Update: Revised 'W-Rule' will mark changed courses regardless of class drop date


Sophia Zhou

Beginning next school year, students will receive a withdrawal, or ‘W’ on their transcript no matter when they drop a course.
Currently, a ‘W’ would only appear if a course was dropped after two weeks into the first quarter. The timing was recently changed to appear from the first day of school.
The “W-Rule” only applies to course changes and not level changes, said vice principal Amy Winston.
According to principal Henry Turner, changing the timing of when a ‘W’ appears was simply an update to an “outdated policy” to reflect changes to the registration process.
Turner explained that the flexibility of the previous registration process had made staffing and scheduling very difficult for the administration.
“A long time ago, students were able to drop classes during the fall,” he said. “Doing that was really detrimental to class size and it actually limited the number of classes we were able to offer.”
The school creates its staffing based on the courses that students sign up for, so if students change their minds in the fall, it creates problems with class sizes and schedules.
A ‘W’ on a transcript is not meant to be a punishment, and there is no evidence that it negatively affects college admissions, added Turner.
Senior Lucy Zheng, who received a ‘W’ last fall for switching English courses, echoed Turner’s sentiments.
Zheng said,  “In the context of sending transcripts to colleges and having them see ‘W’s and stuff like that, I don’t think it has a particularly negative or positive effect on one’s admissibility if you’re applying to schools like UChicago, UPenn, Yale, and other schools that advertise themselves as holistic schools, because they take into account your individual circumstances and, in my case, the fact that I dropped from an English class to take on another.”
Although a ‘W’ is not meant to be a punishment, that has not been clear to both students and teachers, for which this rule has caused confusion and worry.
Zheng, despite recognizing that a ‘W’ doesn’t have a major effect said, “For a school that says it tries to do its best to advocate for students this is definitely a step in the opposite direction — they’re making students more worried and it’s quite unclear what the goal of having Ws is to begin with.”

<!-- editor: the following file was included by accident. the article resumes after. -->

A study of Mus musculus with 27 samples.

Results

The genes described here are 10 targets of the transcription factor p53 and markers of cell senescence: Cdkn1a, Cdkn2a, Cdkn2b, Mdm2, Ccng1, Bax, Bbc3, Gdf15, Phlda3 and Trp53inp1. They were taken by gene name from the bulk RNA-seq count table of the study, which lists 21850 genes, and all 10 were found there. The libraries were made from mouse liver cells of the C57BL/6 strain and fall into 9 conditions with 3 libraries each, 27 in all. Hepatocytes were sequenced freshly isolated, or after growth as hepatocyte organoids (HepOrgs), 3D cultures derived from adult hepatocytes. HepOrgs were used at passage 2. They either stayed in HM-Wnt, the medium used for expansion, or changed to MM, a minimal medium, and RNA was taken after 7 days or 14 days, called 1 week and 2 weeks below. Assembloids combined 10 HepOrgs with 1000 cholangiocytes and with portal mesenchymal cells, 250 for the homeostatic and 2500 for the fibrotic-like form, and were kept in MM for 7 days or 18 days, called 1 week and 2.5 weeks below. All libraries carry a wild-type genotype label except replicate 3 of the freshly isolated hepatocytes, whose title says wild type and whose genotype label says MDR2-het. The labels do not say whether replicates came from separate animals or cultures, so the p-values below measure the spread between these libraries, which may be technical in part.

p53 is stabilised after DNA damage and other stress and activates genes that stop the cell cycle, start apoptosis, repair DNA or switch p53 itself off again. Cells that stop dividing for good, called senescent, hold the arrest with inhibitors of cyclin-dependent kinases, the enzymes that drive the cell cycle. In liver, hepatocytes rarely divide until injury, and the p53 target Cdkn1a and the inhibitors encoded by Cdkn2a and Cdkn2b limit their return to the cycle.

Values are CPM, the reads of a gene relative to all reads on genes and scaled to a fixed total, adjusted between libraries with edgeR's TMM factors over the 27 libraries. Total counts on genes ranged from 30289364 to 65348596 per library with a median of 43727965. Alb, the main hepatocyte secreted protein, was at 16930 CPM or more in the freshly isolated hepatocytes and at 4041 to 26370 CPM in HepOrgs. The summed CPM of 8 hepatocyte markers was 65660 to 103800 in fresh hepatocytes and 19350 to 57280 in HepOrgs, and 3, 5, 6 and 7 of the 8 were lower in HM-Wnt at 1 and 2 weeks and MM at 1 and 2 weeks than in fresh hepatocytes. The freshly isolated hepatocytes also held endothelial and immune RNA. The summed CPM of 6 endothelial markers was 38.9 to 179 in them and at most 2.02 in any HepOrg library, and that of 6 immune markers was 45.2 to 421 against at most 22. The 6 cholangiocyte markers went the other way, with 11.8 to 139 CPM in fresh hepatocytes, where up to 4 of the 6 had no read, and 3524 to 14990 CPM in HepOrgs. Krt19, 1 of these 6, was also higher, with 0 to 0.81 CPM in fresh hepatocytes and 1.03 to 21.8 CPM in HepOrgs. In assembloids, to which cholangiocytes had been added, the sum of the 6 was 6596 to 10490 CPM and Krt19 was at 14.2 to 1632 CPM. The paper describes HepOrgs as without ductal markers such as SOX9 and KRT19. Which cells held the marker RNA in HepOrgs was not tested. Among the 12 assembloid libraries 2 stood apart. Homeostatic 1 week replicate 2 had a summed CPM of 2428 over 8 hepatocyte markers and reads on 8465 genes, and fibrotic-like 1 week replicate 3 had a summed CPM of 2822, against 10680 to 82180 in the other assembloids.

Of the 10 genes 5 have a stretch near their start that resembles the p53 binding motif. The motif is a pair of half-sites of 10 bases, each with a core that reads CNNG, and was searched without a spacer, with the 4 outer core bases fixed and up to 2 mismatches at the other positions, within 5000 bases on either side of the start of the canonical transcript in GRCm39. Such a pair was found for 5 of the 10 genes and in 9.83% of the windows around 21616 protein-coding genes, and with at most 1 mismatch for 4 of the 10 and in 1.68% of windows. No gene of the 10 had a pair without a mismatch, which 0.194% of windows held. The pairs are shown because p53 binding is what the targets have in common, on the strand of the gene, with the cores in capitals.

For junior Cate Liu, it’s unclear what the impacts of having a ‘W’ is. She was told by teachers that a ‘W’ is a “horrible thing to have on your transcript,” while her guidance counselor told her it wasn’t a bad thing.
“A lot of my teachers had been bringing up the “W-Rule” when they talked about AP classes. They would stress that we shouldn’t overload on APs and have a balanced course load, then bring up the fact that if we dropped any classes, we’d get a ‘W’ on our transcript. That’s actually how I first found out the rule existed,” she said.
Liu understands the reason for having the rule, but feels that the “W-Rule” is unsupportive of the student registration process.
She said, “I feel like this rule just punishes kids for wanting to seek out a class that’s the right level for them,” she said. “I get that the administration is doing it to prevent a ton of schedule changes from happening, but I don’t think having a mark put on a student’s transcript is the right way to do it.”
The policy was updated Jan. 16 by the Academic Standards Committee, a committee of teachers, administrators, and parents.
Update: 3/29/17, 2:15
Turner responded to the suggestion that teachers are using the “W-Rule” to prevent students from taking too many APs.
“I don’t think that the teacher probably should have done that,” he said, “because [the ‘W’] is not a deterrent. That’s really just meant as information.”
He said that he agreed that students shouldn’t overload on APs.
“Helping students to make good decisions and maintain a balance, that’s something we do want to advocate for, but I’m not sure a ‘W’ is the reason to deter them,” he added.
3/30/17, 9:54
According to Beth Swederskas, counseling department chair, the update was to decrease the number of classes that students request to drop in the fall.
“This will hopefully discourage students from over-enrolling themselves in the spring, which negatively impacts staffing, scheduling, and student mental health,” she said.
No W will be given for classes changed in Arena Scheduling due to errors, omissions or resolution of conflicts, she added.